Doctors are only recently discovering the causes and effects of leaky gut syndrome.
“Physicians don’t know enough about the gut, which is our biggest immune system organ,” says Donald Kirby, gastroenterologist and director of the Cleveland Clinic’s Center for Human Nutrition.
What is Leaky Gut Syndrome?
Your small intestine is responsible for screening toxins from your body. It is the largest organ in your body, representing two-thirds of the immune system, and it is the first line of defense in keeping you well.
Think of it as you would a coffee filter. If you pour dirty water through a fresh, undamaged filter, the fine weave would capture most of the tiny particles and all of the larger ones.
If you were to then take an ice pick and poke holes in the filter, then pour that same dirty water through again – the result would be much different. This time, most of the tiny pieces and even a portion of the larger pieces would pass through.
Your small intestine is the “filter” of the body. Inflammation caused by drug interactions, poor diet and chronic stress acts like an ice pick – poking holes in the intestinal lining.
Once these holes exist in your intestine, your gut literally leaks undigested food particles, bacteria, toxins and parasites into your blood, harmful substances that were once captured and flushed out of your body as waste.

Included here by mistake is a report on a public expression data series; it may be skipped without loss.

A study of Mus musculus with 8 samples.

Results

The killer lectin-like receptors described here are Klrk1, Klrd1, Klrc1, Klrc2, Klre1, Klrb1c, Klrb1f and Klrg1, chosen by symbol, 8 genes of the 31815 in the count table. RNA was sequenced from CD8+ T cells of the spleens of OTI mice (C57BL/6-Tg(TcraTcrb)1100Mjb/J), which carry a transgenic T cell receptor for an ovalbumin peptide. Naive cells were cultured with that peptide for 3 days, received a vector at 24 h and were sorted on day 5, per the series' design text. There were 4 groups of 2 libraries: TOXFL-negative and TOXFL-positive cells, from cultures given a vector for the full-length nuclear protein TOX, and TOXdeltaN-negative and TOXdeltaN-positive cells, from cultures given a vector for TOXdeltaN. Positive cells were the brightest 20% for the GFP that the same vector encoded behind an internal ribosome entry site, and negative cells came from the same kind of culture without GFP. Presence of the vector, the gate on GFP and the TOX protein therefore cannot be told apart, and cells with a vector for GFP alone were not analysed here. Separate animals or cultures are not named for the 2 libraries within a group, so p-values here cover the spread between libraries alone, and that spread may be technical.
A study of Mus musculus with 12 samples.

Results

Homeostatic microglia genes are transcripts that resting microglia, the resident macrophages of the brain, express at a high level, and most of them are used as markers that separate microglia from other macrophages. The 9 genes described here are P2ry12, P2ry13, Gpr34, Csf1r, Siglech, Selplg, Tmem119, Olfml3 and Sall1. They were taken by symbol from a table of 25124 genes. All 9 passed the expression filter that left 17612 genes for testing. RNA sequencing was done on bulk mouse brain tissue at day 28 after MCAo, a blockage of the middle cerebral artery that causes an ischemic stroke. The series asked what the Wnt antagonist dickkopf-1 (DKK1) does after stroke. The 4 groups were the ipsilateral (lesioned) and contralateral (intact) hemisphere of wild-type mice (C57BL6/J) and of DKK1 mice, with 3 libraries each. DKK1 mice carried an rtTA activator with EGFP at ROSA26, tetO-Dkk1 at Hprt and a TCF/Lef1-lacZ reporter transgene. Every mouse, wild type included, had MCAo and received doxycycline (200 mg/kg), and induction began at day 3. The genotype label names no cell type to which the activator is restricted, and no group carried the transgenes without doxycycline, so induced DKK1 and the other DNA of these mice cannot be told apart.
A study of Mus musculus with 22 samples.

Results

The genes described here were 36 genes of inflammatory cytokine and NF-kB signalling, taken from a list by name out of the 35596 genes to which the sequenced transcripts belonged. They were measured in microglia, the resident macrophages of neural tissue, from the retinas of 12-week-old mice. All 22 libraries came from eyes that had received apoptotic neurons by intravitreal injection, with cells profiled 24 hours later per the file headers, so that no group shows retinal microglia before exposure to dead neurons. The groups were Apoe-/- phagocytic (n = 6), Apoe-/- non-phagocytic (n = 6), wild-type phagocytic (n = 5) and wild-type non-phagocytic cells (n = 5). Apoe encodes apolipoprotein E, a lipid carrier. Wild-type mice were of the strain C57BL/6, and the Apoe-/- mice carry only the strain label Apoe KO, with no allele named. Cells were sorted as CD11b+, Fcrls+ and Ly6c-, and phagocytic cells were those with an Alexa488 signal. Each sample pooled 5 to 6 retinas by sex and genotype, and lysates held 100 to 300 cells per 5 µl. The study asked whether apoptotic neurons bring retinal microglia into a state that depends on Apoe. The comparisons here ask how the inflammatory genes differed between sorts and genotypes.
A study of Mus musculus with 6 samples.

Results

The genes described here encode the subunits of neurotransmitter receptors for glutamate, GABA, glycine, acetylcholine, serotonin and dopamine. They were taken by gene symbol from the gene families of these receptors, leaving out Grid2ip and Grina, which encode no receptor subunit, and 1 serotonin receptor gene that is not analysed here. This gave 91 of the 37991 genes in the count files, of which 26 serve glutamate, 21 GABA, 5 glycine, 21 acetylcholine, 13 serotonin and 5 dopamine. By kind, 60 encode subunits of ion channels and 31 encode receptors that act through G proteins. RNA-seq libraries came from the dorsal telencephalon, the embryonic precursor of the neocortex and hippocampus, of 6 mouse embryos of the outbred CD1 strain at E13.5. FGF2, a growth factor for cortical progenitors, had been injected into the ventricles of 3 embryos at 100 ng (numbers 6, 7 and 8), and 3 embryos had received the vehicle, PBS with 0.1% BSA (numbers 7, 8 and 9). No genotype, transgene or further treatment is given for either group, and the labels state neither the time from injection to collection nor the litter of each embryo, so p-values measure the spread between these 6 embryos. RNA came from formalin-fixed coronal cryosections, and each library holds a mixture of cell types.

Understandably, your body does not respond well to these items floating around in your bloodstream. Your body creates an immune response to attack – which results in more inflammation.
Scientists believe this process causes a chain reaction that leads to many other problems throughout the body. They are often unable to diagnose leaky gut syndrome specifically and are usually forced to work backward to a diagnosis.
Author Leo Galland, M.D. says leaky gut is often undiagnosed but is vitally important to overall health because many – seemingly unrelated – conditions are either caused by or worsened by this mystery illness.
Leaky Gut Syndrome Has Been Linked To:
• Chronic fatigue
• Depression, anxiety or other mental disorders
• Allergies, hives, acne, eczema or psoriasis
• Inflammatory bowel disease
• Irritable bowel syndrome
In his article Leaky Gut Syndrome: Breaking the Vicious Cycle, Dr. Galland outlines several strategies to heal this volatile condition and get back on the path to good health.
Healing Leaky Gut
• Stop all consumption of alcohol
• Avoid using pain relievers such as naproxen, aspirin or ibuprofen
• Talk to your doctor about testing for leaky gut syndrome
• Avoid inflammatory foods that are high in acid, fat or sugar
• Increase your fiber consumption
If you simply don’t feel “right” but your doctor is unable to find the root cause of your discomfort, you may want to talk to him about leaky gut syndrome. Unexplained chronic pain, fatigue, feelings of depression, bowel distress or a skin condition that isn’t responding to treatment could point to this often overlooked condition.